Brightcove highlights multi-codec streaming at IBC, buries LCEVC

US video platform provider Brightcove reminded Faultline at IBC 2022 that it is very much still a transcoding company – despite the numerous tentacles that have extended from its platform since acquiring the Zencoder business a decade ago.

Frustratingly for its rivals, Brightcove has a hankering for being ahead of the curve, and the encoding business is still going strong, having transcoded 20 million titles last month. Zencoder had embraced the concept of cloud video encoding before even Elemental was pioneering the space, an opportunity spotted by AWS three years later in 2015 – an example of the kind of forward-thinking reputation Brightcove is eager to sustain.

This is partly due to Brightcove’s R&D department, which the company’s IBC representatives confidently tells us is unrivaled. It may seem strange therefore that Brightcove is not betting big on next-generation codecs.

The only codec worth betting on is AVC, in Brightcove’s view, due to its unmatched global penetration.

Of course, Brightcove’s compression team isn’t totally ignorant of the fact newer codecs bring greater encoding efficiencies. Something Brightcove’s R&D department has been busy working on is a multi-codec streaming ladder layering AVC and HEVC, using its content aware encoding techniques.

With HEVC being mostly supported in Apple devices, deploying multi-codec streaming using the Brightcove Video Cloud has been shown to offer a considerable reduction in CDN costs, without compromising reach to legacy AVC devices.

Brightcove can identify device codec support and switch mid-stream, to optimize for the same bandwidth but with higher quality. Brightcove isn’t aware of any competitors in the space creating mixed HEVC and AVC profiles like it does in creative combinations, the company tells us.

Brightcove also had some critical words on LCEVC that caught us off-guard during IBC 2022.

Even former adversaries have been rallying around the MPEG-5 compression standard created by V-Nova, making Brightcove something of an anomaly here.

In fact, the whole LCEVC mission at trade shows post-pandemic has been about emphasizing the LCEVC ecosystem – collectively as 27 companies rather than V-Nova as a one-man band, as was the story of a few years ago. The concern is that Brightcove is a sizable anomaly.

These criticisms do not come without hard evidence. We are pointed towards some academic papers. The University of Kingston and TU Berlin have together evaluated LCEVC for live gaming video streaming applications. A recent paper compares LCEVC performance against H.264 and HEVC – concluding that LCEVC brings no meaningful mean opinion score improvements for HEVC (x265) against multiple bitrates.

V-Nova knows this. It backed this very paper and advised on encoder settings. We are told that operator error could not have been the issue here.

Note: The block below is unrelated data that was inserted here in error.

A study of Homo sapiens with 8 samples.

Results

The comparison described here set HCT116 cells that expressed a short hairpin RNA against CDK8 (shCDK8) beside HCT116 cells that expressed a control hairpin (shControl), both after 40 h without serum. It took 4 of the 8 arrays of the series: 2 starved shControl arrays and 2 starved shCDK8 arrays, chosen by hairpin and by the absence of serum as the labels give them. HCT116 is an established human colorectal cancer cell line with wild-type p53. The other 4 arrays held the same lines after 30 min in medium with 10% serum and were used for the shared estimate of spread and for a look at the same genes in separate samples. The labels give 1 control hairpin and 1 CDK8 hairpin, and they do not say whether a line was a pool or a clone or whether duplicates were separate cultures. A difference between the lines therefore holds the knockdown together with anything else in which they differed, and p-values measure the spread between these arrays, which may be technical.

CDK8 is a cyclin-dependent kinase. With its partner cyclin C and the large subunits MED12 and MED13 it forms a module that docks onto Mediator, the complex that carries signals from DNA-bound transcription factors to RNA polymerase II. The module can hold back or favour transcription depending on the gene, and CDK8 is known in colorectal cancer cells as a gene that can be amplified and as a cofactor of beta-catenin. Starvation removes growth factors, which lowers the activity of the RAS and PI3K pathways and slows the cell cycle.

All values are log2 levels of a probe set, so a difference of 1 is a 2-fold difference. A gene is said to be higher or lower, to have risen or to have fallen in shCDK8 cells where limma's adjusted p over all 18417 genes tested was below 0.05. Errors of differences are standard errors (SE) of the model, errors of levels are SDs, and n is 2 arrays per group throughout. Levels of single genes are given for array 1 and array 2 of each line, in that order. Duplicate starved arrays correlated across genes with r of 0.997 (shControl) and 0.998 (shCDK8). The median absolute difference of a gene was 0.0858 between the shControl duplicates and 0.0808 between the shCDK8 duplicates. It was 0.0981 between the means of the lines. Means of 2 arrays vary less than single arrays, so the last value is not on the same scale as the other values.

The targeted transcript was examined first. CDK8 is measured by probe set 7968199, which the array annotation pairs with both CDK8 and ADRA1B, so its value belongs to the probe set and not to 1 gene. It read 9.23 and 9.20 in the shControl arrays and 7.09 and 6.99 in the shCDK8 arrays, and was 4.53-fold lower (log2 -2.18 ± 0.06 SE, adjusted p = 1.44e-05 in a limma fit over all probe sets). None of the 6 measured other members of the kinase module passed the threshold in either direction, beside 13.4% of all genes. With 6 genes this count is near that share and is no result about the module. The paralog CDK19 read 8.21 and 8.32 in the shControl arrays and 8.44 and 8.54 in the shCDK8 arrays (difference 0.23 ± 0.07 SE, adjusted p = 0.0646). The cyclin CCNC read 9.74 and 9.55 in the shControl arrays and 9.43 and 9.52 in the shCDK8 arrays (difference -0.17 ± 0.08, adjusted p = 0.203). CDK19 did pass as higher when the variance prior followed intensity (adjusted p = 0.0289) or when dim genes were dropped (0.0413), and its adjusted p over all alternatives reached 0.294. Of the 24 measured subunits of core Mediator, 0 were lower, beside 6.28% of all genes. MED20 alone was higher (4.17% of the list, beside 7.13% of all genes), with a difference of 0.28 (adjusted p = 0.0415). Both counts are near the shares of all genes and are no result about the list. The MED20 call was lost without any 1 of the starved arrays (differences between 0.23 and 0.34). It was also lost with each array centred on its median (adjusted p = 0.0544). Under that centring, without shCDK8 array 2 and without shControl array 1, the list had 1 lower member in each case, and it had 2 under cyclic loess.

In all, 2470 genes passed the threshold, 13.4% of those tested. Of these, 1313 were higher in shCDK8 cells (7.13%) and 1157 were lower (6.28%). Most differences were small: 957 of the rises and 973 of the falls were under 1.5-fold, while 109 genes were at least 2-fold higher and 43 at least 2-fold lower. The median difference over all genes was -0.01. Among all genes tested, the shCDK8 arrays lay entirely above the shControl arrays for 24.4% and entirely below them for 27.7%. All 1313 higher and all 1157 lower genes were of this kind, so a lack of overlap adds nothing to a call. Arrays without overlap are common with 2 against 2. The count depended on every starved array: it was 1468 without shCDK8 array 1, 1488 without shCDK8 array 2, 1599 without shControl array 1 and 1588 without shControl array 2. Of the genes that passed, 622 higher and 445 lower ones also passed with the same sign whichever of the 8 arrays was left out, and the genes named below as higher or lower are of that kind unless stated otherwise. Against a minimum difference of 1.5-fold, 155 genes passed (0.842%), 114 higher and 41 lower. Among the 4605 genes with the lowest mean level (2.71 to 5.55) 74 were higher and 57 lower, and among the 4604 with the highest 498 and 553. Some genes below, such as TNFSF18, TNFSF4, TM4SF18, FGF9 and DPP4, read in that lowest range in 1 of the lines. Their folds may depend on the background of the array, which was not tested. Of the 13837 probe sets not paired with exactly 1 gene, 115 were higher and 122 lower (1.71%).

Another paper from revered research institute InterDigital (otherwise known as the former Technicolor research lab) has penned that VVC as a standalone codec is scalable. InterDigital compares performance of VVC single layer against VVC as two layers – Scalable-VVC for the first layer and a combination of VVC with LCEVC as the second layer.

Scalable VVC can be on par or outperform single-layer coding in specific conditions. The paper also addresses coding complexity and shows that customizing the encoding parameters can lead to large encoding time (and cost) savings.

Either Brightcove is behind the times, which as we have already stated would be unusual, or the US firm just has an astute nose for where and how to make money in this business, because it doesn’t believe LCEVC is it.

These are fine margins. We are talking about 0.5dB to 2dB PSNR differences in this context. Even to the untrained eye, these differences are visible. We are told that 2dB is about the difference between H.264 and HEVC.

And because encoding costs are just a fraction of overall delivery costs for video service providers, they can afford to run slower encoders to save a few bits. As bandwidth and storage costs also dominate Brightcove’s platform, its own positioning is therefore one reflective of the video service providers themselves – and in turn is reflective of the company’s growth.

Eventually, Brightcove does concede that for certain operators where reducing encoding costs is of higher importance, then maybe LCEVC is their solution.

As we said, our debate with the Brightcove team at IBC is a welcome reminder that Brightcove is in fact still an encoding company, but by the same token is a distraction from the broader Brightcove strategy – as an organization now with so many moving parts. We don’t mind this, as there is a chat with CEO Marc DeBevoise – who wasn’t available during the Amsterdam event – lined up for two weeks from now.